States need FEMA’s help to prepare for climate change

This can be accomplished if the one agency responsible for disaster preparedness and planning — the Federal Emergency Management Agency (FEMA) — works closely with states on climate preparedness. The framework is already in place.

Every three years, states submit hazard mitigation plans to FEMA. Hazard mitigation plans identify a wide range of risks that individual states may face, like the wildfires that are currently burning in California, the ongoing drought that’s affecting 87 percent of Texas, as well as major storms like Sandy, which last year battered a half-dozen states along the Northeastern coastline. In addition to identifying future risks from natural disasters, these plans also outline how states can prepare for and mitigate harm from natural disasters.


Unfortunately, many state hazard mitigation plans suffer from a fundamental, dangerous flaw: they completely omit or inadequately consider climate change. Too many states have backward-facing plans that rely solely on historical data to anticipate future disaster scenarios. They fail to take into account the latest scientific projections of longer and drier droughts, more severe flooding, steadily rising sea levels and other changes brought on by climate change. Unless these plans use the best information available, people and their communities will be needlessly at risk.

For example, the most recent Texas plan approved by FEMA likely underestimates the true risks it faces from natural disasters. The plan mentions climate change only a handful of times, and its impacts are only vaguely mentioned in the context of rising sea levels. Climate change is not considered for estimating the frequency or the severity of the multitude of other natural disasters that are affected by climate change and that Texans regularly experience – disasters such as last year’s record drought, the 2011 wildfires that burned nearly 4,000 homes, and Hurricane Ike, which in 2008 caused more than $27 billion in damages.

On top of billions of dollars in post-disaster recovery funds, Texas has in the past two decades also received more than $880 million in hazard mitigation grants. When Texas spent these taxpayer dollars on projects to mitigate future damages, it’s unclear whether the state ever considered climate change’s impact on future natural disasters. Mitigation projects that have already been completed have potentially failed to consider more extreme floods, higher coastal erosion rates due to more frequent storms, or longer, more frequent droughts.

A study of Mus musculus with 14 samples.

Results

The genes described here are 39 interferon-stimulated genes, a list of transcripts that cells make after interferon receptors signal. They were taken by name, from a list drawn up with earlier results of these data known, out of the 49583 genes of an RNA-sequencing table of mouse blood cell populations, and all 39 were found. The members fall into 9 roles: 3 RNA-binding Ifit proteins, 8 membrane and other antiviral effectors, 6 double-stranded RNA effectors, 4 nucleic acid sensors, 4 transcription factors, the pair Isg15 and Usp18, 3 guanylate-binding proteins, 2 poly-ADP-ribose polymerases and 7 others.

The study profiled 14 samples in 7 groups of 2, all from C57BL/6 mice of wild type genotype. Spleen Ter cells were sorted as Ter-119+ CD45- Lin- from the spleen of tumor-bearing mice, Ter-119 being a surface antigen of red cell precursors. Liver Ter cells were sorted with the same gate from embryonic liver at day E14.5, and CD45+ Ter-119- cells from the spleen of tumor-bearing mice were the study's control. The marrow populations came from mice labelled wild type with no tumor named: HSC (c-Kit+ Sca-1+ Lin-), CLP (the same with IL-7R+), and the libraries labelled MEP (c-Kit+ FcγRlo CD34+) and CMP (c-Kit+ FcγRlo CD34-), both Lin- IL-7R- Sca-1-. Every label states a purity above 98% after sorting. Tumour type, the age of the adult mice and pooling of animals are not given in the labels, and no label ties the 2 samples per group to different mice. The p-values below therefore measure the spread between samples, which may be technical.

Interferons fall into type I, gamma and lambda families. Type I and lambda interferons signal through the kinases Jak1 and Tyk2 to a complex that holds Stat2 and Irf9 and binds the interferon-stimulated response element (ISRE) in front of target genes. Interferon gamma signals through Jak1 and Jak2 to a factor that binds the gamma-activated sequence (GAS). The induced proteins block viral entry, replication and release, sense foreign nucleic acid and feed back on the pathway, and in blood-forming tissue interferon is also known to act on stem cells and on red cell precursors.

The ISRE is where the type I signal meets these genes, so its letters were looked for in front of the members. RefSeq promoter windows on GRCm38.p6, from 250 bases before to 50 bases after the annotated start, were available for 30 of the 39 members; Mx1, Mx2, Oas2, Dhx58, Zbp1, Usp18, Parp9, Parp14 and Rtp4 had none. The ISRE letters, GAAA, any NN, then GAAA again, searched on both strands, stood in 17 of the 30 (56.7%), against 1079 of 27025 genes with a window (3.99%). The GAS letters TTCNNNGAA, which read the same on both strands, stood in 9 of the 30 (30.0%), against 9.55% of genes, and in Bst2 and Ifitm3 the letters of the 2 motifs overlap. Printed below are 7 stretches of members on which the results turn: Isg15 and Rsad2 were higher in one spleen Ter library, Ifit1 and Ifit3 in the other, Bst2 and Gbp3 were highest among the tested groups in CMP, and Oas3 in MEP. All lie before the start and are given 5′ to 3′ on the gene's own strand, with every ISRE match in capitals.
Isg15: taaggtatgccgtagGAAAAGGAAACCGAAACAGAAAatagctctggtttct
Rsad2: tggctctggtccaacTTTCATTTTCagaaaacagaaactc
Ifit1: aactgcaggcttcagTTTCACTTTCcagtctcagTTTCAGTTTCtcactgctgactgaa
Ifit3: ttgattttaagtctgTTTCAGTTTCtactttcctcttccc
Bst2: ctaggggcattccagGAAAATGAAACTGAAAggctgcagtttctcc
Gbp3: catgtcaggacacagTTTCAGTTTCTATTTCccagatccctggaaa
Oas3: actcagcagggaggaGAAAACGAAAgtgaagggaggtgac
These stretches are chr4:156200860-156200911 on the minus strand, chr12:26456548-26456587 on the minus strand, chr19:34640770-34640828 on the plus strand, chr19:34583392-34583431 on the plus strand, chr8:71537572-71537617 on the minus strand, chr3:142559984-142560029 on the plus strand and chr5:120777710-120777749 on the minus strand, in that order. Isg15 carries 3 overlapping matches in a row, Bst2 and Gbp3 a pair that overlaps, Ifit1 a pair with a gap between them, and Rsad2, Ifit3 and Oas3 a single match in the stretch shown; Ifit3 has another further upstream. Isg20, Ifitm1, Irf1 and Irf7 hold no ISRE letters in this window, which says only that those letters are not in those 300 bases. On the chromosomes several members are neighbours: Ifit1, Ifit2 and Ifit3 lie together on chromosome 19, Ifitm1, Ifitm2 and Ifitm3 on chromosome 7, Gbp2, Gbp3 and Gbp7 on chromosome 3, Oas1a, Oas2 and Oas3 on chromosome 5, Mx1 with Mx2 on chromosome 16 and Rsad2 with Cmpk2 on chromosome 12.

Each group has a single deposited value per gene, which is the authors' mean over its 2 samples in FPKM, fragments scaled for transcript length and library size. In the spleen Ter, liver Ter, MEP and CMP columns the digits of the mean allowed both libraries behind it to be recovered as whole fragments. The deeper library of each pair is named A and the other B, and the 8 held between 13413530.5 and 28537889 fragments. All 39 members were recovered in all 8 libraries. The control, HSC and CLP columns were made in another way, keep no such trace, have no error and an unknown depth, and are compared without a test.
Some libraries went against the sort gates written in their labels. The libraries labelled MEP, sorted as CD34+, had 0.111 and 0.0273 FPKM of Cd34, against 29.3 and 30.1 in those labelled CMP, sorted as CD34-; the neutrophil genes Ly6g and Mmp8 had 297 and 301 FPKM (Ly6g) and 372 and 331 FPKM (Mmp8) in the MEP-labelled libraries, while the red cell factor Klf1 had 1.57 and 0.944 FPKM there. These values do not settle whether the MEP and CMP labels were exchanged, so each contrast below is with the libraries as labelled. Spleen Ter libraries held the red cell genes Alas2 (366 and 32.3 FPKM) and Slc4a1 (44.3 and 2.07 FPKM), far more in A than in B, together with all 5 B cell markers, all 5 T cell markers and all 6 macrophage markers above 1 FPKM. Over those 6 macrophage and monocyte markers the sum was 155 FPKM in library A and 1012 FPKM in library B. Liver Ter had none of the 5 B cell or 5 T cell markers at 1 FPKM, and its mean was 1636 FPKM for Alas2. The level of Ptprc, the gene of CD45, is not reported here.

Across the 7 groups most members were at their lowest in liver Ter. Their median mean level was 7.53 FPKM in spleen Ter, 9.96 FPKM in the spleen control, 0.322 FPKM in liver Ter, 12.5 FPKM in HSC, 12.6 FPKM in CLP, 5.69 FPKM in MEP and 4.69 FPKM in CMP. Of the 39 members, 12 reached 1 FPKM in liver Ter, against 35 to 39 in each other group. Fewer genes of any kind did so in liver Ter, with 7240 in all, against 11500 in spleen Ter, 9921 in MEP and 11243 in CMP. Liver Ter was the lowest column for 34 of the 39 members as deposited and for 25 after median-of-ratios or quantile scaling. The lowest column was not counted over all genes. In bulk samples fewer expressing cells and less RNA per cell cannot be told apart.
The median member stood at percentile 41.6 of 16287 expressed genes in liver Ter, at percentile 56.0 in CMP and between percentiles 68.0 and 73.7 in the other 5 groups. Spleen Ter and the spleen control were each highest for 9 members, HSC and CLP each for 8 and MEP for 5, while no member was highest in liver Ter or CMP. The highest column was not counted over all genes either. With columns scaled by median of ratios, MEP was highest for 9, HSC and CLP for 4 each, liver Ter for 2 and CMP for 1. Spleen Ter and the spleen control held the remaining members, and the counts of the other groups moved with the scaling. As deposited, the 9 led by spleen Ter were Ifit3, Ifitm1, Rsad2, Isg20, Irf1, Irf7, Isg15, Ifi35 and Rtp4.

FEMA is currently reviewing a new Texas plan, but it has not yet indicated whether it will require Texas to amend its plan to address climate change. Nor has FEMA offered to assist Texas in assessing increased risks due to climate change.

This situation is not unique. Iowa, North Carolina, South Carolina, and Florida have all received hundreds of millions of dollars in FEMA hazard mitigation grants, but like Texas, officials from these states earlier this year submitted plans to FEMA that did not adequately assess how climate change is increasing risks from certain natural disasters. And plans that are not based in reality not only fail to protect us, but also likely lead to wasted taxpayer money, spent on projects that won’t do the job they are supposed to.

The White House understands the importance of preparing for climate change. In a major climate address in June, President Obama said, “As we act to curb the greenhouse gas pollution that is driving climate change, we must also prepare for the impacts that are too late to avoid.”

The President has made climate preparedness a priority. Now FEMA needs to do the same.

FEMA must amend its regulations and guidance to ensure that each state’s hazard mitigation plan fully assesses risks from climate-related disasters and lays out strategies that adequately prepares for and reduces those risks. FEMA has a responsibility to ensure that the disaster preparedness funding it provides to states and local communities is used in ways that protects people from the disasters of the future – not just the disasters of the past.

Lehner is the executive director of the Natural Resources Defense Council.